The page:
For the purposes of this article, I am going to refer only to (arguably) the two biggest camera manufacturers to keep things simple: Canon and Nikon. Each of these manufacturers offers two types of DSLR; consumer level with an APS-C sensor, and pro level with a full frame (FF) sensor.
Canon’s APS-C sensor is approximately 22x15mm while Nikon’s is approximately 24mmx16mm. No significant difference there, but compare those with a FF sensor (common to both brands) which measures 36x24mm. Does that size sound familiar? If it does, you probably shot on 35mm film at one point in your life, because that’s the size of a negative or slide in that film format.
Why the concern over sensor sizes, and what’s that got to do with lenses? If you consider that a lens projects a circular image onto the back of the camera and where the sensor is mounted, the diameter of that ‘image circle’ will determine whether or not it will completely cover the sensor. A lens designed for a full frame camera will certainly do that for both APS-C and FF sensors, but one designed for APS-C cameras will only have an image circle large enough to cover the APS-C sensor.
Canon distinguishes between the two designs by marking its APS-C-only lenses (sometimes called digital-only) with EF-S while full frame lenses are designated EF. Similarly, Nikon designates theirs as DX and FX for APS-C and full frame, respectively. If you try to attach an EF-S lens to a full frame Canon DSLR, for example, it won’t go. One of the reasons that the manufacturer intentionally makes the mounts incompatible is that the image circle of the EF-S lens will not completely cover the sensor. They are knowingly preventing you from taking ‘vignetted’ shots with dark corners. Conversely, however, you can certainly attach an EF lens to either an APS-C or a pro level Canon DSLR.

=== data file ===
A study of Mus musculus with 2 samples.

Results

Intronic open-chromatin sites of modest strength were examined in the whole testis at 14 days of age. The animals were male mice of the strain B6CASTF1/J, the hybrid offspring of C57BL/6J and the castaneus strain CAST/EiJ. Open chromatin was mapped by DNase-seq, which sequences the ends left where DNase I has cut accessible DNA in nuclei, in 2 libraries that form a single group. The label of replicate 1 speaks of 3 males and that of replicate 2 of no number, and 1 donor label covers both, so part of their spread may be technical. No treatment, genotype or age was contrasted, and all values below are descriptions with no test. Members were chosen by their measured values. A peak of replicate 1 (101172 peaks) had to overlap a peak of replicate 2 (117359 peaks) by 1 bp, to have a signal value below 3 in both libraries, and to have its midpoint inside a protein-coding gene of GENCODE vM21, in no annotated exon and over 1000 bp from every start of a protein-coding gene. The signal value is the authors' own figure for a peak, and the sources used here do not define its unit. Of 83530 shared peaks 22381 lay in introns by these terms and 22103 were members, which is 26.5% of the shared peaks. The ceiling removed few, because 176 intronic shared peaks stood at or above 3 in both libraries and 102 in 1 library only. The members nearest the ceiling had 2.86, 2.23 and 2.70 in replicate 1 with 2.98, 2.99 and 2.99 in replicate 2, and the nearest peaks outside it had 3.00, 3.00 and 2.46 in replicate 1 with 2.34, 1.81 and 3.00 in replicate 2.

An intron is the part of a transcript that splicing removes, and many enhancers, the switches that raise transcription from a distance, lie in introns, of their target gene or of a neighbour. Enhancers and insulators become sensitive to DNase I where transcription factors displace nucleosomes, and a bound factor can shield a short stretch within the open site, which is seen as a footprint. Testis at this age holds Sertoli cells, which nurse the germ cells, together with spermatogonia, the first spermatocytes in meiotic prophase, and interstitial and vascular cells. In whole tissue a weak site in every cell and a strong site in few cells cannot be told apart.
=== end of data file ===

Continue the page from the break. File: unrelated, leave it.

Having made that last statement, some further qualification is required. Imagine that full frame lens projecting an image whose circle more than adequately covers the FF sensor from corner to corner. If you were to project that same image circle onto the much smaller APS-C sensor, the sensor is now only intercepting a fraction of the image circle that the FF sensor intercepted. As a result, the APS-C sensor only ‘sees’ a fraction of the image ‘seen’ by the FF sensor. This is equivalent to zooming in on the full frame image, and is called crop factor. It is typically about 1.6 times between the two formats.
Note that crop factor refers to the sensor size ratio and is not affected by the lens, as long as the focal length of the lens is constant in both cases. So, if we attached a 50mm lens to an APS-C camera and an 80mm lens to a full frame camera, they would capture images that were approximately the same. This is because the 50mm lens on the APS-C camera apparently magnifies the focal length to 50mmx1.6=80mm.
So how does this affect your lens purchases today? Let’s say you’re currently using an APS-C camera, but want to advance to a FF camera in the future. After all, these large sensor camera bodies are becoming more and more attractively priced, and offer generally better noise performance at higher ISO settings. If you buy all your lenses now in EF-S or DX format, you will have to sell the lot when you buy the pro level body, and will have to buy a complete suite of EF or FX lenses instead. If, however, you buy full frame lenses now, you will not only be able to use them on your current camera but on your future one as well.